Baaghi 3 is a senseless beast of a movie that solely exists to rupture the screen in images of broken, blasting, blaring men or machines flying mid-air and slow motion, feels Sukanya Verma.
When Tiger Shroff says he’s never got a good review in his life, it sounds like a career goal he’s determined to maintain and works ardently to go one better in Baaghi 3.
If Baaghi and Baaghi 2 took astonishing strides in absurdity and embodied Bollywood’s enthusiasm for peddling trash as entertainment, Baaghi 3 hits rock bottom of the birdbrained franchise through its course of two and a half hours of reason defying, mind numbing, soul destroying free-for-all.
Choreographer-turned-director Ahmed Khan returns to helm Baaghi 3, a ghastly remake of the Tamil hit, Vettai whose producer Sajid Nadiadwala is also credited for its ‘story adaptation.’ That’s never too promising when your previous writing credits include Housefull, Housefull 2 and Kick.
True to its over-the-top trailer, Baaghi 3 is a senseless beast of a movie that solely exists to rupture the screen in images of broken, blasting, blaring men or machines flying mid-air and slow motion.
Nothing is what it seems in this farce that neglects the basic details while passing off Serbia as Syria, Jaipur as Agra and Turkish tea as kahwa.
Ahmed Khan could have at least bothered to check what a Syrian cop’s uniform looks like.
Instead all the homework is done by Tiger Shroff’s super nimble thighs.
The camera makes sure to highlight their flexibility from every nook and corner.
No doubt he can fly, leap, swoop, somersault, dive from any height, any position, any angle and still his foot will unfailingly land bang into the opponent’s face. Yet ask the man to emote and all those million rippling muscles vanish into thin air.
Though he’s named Ronnie in the movie, he could very well be Shazam (or Candyman for that matter) -- all one has to do yell out his name and his Popeye muscles pop out of nowhere and beat the bad guy into pulp.
The guy usually doing all the bellowing is big brother Vikram (Riteish Deshmukh), a scaredy-cat policeman in perennial need of rescue for reasons unexplained. Unless you want to read between the lines -- Policewala apne liye goonda kyun nahi rakh sakta?
Baaghi 3 is an ode to mollycoddling.
Every single scene is coloured in idiocy.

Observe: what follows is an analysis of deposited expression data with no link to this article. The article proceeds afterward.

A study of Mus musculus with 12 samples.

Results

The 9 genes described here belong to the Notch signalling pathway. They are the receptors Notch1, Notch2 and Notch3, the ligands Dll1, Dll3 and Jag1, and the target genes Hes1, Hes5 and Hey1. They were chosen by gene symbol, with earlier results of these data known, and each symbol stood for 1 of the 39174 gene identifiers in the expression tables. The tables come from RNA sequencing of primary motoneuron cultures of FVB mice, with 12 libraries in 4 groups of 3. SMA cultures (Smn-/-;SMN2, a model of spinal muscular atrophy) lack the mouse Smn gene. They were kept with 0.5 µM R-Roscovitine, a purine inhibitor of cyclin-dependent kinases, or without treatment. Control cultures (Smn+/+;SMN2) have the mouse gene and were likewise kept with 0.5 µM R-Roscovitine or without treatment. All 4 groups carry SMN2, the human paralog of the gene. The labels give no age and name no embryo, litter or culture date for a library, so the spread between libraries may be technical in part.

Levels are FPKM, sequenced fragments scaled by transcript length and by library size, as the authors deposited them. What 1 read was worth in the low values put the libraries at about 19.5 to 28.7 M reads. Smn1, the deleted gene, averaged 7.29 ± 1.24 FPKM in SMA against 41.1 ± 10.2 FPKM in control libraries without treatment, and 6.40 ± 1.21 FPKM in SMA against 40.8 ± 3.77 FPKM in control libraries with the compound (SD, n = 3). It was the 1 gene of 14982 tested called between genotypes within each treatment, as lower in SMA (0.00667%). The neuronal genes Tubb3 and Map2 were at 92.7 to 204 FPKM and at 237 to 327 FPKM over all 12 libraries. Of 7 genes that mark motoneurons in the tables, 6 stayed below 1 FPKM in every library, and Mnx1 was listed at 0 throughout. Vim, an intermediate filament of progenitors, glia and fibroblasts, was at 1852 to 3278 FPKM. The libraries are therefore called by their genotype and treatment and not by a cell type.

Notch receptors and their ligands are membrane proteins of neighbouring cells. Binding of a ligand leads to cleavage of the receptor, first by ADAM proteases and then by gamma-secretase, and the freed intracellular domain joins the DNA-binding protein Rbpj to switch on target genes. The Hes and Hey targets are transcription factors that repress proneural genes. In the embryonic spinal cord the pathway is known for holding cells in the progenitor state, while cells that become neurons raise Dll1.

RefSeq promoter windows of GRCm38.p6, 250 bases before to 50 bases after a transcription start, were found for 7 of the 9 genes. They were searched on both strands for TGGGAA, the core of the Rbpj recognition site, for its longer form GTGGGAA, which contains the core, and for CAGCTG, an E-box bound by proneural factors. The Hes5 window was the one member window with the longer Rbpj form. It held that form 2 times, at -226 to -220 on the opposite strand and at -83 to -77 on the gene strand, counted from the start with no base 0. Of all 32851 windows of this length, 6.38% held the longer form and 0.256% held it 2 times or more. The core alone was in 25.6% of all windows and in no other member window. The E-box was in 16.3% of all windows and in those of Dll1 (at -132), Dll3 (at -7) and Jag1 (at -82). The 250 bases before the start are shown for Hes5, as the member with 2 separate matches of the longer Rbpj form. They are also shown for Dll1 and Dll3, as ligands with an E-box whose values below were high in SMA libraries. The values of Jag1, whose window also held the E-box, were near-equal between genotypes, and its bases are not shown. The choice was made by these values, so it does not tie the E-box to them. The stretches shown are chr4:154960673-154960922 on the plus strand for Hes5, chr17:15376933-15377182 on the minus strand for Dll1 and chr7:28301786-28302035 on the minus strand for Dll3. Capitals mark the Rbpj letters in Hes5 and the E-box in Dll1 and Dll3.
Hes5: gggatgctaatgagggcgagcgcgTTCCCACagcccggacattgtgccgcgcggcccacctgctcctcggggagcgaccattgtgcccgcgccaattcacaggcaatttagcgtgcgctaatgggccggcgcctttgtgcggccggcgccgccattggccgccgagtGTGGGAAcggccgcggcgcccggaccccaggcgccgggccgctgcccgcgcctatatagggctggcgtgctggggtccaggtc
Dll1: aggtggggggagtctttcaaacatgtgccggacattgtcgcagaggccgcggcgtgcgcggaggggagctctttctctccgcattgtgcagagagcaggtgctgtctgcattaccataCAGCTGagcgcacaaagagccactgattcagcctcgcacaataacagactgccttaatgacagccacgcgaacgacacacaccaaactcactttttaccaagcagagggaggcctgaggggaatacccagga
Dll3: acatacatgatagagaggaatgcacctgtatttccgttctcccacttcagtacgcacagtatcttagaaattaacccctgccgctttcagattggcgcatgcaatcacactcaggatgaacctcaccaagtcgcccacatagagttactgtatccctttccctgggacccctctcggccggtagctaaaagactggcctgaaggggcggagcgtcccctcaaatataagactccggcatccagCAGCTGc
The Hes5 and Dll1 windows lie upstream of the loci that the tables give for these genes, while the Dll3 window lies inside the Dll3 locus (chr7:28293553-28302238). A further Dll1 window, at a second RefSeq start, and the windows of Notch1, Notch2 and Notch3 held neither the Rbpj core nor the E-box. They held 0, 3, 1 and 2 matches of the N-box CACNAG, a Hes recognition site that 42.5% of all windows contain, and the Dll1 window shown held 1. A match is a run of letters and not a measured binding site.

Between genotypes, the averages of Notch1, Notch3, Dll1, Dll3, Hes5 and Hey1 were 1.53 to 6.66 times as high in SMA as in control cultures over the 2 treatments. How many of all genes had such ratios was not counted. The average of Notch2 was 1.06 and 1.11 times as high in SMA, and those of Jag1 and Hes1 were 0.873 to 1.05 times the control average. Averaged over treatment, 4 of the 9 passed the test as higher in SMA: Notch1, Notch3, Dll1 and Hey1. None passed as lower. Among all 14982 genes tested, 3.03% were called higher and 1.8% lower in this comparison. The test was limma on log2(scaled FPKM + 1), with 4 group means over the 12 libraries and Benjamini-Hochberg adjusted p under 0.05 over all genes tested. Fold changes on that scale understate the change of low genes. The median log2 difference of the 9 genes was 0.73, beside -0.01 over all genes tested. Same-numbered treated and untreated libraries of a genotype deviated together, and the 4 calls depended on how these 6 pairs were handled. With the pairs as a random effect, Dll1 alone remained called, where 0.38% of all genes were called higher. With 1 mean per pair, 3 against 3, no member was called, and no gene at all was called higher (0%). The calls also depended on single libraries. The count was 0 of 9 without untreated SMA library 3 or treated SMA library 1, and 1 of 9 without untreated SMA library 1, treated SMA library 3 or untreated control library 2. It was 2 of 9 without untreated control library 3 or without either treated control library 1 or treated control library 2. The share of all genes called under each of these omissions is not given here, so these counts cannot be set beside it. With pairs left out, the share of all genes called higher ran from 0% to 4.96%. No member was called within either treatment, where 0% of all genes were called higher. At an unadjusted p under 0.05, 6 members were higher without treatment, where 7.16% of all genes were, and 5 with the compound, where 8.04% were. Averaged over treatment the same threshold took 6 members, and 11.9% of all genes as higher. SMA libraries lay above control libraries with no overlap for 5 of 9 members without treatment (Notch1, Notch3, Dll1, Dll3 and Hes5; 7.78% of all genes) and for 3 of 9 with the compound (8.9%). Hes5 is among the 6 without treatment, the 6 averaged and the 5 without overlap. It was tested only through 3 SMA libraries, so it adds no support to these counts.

Like Ronnie’s dad whips him with a belt for protecting his brother from bullies only to extract a promise of saving Vikram from bullies on his death bed.
Meanwhile, Ronnie sits home doing nothing waiting to proxy for his spineless bade bhaiya, who has absolutely no qualms hogging all the credit.
Compared to Tiger’s bromance around Hrithik Roshan in War, Baaghi 3’s cosseting brotherhood is an enormous turn off.
The effectiveness of Vikram’s scream and Ronnie’s reach is truly tested when the twain land in Syria and directly into the heart of an ISIS-ish terrorist organisation.
A great many helicopters collide while Tiger runs amok and wreak havoc into the region until it resembles a shoddy VFX-aided dust and Diwali.
In its scheme of all-you-can-consume-hogwash, it’s best if you do not wonder how a regular slacker became so adept at using bombs and machine guns, a la Rambo -- given that even the latter had some experience as war veteran?
Or how Shraddha Kapoor miraculously acquires a tan as soon she steps foot in Syria?
Or her pran jaaye par fashion na jaaye commitment?
Or why every second character speaks with some strange speech issue?
The head of the Syrian militant terror organisation boasts about his 44 languages knowhow while Shraddha Kapoor’s character blathers ‘maa ke looteron, baap ki beep’ in her annoyingly innuendo heavy dialogues.
It’s the sort of excruciatingly bad performance that deserves an on-the-spot Razzie.
Riteish Deshmukh comes a close second for his inability in making the sissy cop even the slightest bit interesting.
More unsettling is to watch good actors reduced to silly stock characters like Vijay Varma playing a Pakistani thug, who speaks in a Hyderabadi accent and Jaideep Ahlawat as the proverbial goonda developing a golden heart in the middle of a landmine.
Jackie Shroff’s daddy and Disha Patani’s dancer are tossed in for cheap thrills in a manner one can only expect from a movie whose idea of humour is Gumrah karke Bumrah ki tarah ball phenk raha hai.
What I really laughed loud at is gun-toting Syrian police running around like puppets and taking orders from Tiger and Shraddha while they single-handedly take down global terrorism.
Leave your brains at home did someone say? In vain! Tiger travels to Syria and beyond sense to clobber everything in sight.